Giro d’Italia officials have unveiled a balanced route for next year’s race, which they believe will allow cyclists to compete in the Tour de France as well as the Italian classic.


The 2015 Giro will take the riders from San Remo to Milan, via central Italy, the Dolomites and the Alps over a total of 3481.8 kilometres from May 9-31.

Organisers on Monday revealed the 21-stage route, which includes five days in the high mountains and seven medium mountain stages.

There are also seven legs for sprinters, an individual time trial and a team one.

There are two rest days and relatively short transfer distances, which organisers hope will convince many of the big-name Grand Tour contenders to join Alberto Contador in riding both the Giro and Tour in 2015.

“Looking at the recovery time, I think it’s possible to do the double,” race director Mauro Vegni said.

“It’s a hard Giro but it’s a very balanced one. The climbs are spread out and there are very few transfers. It’s the lowest amount of transfers we’ve had in 20 years, down to 800 kilometres or so.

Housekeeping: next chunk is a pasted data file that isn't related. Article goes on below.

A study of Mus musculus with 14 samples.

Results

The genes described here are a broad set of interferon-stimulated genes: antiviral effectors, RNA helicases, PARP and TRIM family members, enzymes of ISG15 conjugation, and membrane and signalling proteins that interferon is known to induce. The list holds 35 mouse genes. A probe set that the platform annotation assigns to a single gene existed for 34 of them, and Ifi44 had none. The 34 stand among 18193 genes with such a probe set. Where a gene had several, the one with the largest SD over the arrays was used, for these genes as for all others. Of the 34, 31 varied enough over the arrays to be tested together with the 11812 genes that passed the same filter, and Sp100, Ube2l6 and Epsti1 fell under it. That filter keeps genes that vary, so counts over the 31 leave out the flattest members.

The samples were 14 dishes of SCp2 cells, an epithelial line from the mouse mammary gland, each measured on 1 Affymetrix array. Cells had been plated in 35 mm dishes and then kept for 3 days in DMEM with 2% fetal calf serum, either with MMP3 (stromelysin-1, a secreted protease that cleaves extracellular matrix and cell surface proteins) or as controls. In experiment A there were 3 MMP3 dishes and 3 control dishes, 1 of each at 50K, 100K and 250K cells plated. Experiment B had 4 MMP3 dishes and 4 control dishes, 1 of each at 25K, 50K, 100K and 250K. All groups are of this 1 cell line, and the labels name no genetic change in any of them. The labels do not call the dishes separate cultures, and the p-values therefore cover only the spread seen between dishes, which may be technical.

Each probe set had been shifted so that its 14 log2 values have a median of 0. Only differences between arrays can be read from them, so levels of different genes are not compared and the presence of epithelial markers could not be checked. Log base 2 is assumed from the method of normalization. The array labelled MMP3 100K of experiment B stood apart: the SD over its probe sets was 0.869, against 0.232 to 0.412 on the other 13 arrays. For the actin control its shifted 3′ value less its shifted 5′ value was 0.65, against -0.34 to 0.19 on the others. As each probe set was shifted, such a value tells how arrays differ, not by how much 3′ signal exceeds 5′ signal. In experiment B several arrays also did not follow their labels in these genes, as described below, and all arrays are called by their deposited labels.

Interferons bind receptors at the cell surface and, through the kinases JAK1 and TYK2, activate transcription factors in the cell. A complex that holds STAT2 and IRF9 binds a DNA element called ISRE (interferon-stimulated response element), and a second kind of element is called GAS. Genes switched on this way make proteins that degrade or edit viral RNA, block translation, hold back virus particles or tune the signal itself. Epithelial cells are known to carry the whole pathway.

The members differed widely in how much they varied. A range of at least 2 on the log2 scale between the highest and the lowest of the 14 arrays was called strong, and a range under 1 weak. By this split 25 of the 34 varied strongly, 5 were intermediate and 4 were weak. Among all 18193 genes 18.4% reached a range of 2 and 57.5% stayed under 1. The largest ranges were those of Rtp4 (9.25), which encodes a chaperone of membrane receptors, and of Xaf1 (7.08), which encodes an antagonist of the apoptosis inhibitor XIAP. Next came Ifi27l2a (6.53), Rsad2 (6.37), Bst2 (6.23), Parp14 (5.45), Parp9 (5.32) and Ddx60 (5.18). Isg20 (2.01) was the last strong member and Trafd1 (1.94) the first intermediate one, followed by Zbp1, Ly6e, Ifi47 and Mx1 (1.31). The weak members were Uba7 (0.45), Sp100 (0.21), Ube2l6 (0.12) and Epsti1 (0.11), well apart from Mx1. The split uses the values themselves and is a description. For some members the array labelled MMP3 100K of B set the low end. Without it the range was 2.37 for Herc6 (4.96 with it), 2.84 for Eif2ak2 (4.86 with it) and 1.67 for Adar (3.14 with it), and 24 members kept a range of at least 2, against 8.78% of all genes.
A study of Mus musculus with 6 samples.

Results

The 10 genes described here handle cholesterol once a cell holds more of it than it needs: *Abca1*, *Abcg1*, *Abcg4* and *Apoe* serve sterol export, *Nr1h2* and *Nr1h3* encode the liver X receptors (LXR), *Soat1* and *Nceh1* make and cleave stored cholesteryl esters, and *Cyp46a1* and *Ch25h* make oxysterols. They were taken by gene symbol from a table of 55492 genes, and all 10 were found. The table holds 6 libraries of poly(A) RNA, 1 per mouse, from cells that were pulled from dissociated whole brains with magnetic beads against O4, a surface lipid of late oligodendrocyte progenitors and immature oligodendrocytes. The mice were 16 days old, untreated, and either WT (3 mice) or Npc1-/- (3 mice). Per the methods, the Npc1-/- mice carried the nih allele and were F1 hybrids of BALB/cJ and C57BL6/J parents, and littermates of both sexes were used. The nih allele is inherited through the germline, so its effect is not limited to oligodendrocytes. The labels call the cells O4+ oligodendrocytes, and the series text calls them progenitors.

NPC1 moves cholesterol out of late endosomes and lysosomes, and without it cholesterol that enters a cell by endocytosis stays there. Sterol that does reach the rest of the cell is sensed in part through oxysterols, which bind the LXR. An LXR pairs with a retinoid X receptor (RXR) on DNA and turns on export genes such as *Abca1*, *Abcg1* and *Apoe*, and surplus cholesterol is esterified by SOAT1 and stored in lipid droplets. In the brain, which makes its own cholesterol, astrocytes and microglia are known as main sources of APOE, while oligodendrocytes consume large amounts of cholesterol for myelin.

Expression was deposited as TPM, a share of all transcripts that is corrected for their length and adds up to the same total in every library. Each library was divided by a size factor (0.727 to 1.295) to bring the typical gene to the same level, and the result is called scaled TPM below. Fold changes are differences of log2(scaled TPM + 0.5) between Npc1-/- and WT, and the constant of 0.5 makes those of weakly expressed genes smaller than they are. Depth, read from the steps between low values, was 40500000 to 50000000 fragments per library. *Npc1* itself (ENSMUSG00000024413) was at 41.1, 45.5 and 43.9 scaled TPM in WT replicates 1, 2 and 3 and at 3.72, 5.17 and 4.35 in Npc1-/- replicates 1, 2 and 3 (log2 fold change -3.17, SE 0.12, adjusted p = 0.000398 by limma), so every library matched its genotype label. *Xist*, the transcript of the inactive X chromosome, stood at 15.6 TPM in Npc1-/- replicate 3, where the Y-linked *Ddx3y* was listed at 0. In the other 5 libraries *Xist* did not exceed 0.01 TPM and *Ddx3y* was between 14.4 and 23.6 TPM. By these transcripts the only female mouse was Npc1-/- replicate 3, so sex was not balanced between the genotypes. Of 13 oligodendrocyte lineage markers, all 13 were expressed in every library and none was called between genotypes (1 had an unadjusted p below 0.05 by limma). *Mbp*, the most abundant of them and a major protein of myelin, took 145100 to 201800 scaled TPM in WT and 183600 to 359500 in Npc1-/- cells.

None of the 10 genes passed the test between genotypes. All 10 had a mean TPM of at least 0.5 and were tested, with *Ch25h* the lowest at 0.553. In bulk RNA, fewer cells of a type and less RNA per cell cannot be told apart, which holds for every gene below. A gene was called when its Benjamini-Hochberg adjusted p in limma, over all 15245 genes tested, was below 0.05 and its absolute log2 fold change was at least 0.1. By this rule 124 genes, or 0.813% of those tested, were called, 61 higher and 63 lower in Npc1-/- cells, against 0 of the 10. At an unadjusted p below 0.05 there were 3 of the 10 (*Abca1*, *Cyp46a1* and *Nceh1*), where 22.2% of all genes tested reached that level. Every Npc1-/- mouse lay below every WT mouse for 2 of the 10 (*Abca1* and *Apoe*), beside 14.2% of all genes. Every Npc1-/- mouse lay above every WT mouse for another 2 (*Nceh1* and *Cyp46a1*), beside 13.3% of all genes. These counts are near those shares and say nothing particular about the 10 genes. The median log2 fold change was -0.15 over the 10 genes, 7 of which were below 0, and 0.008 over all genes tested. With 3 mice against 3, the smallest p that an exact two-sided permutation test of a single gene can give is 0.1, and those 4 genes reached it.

“The ideal would be to race both the Giro and the Tour as similar to a two-legged football match and then the Vuelta as a one-off.”

Contador announced last month that he would compete in both the Giro and the Tour next year, as he aims to become the first rider to win both races in the same year since Marco Pantani achieved that feat in 1998.

The Spaniard was at the unveiling of the route at Milan’s Palazzo del Ghiaccio.

“I like this course, it’s suited to my characteristics as an aggressive rider,” he said.

“This Giro is very tough, with a lot of climbs, but the factor that makes it different to the Tour or the Vuelta is the weather, often it can be cold or snowy in Italy at that time of year.”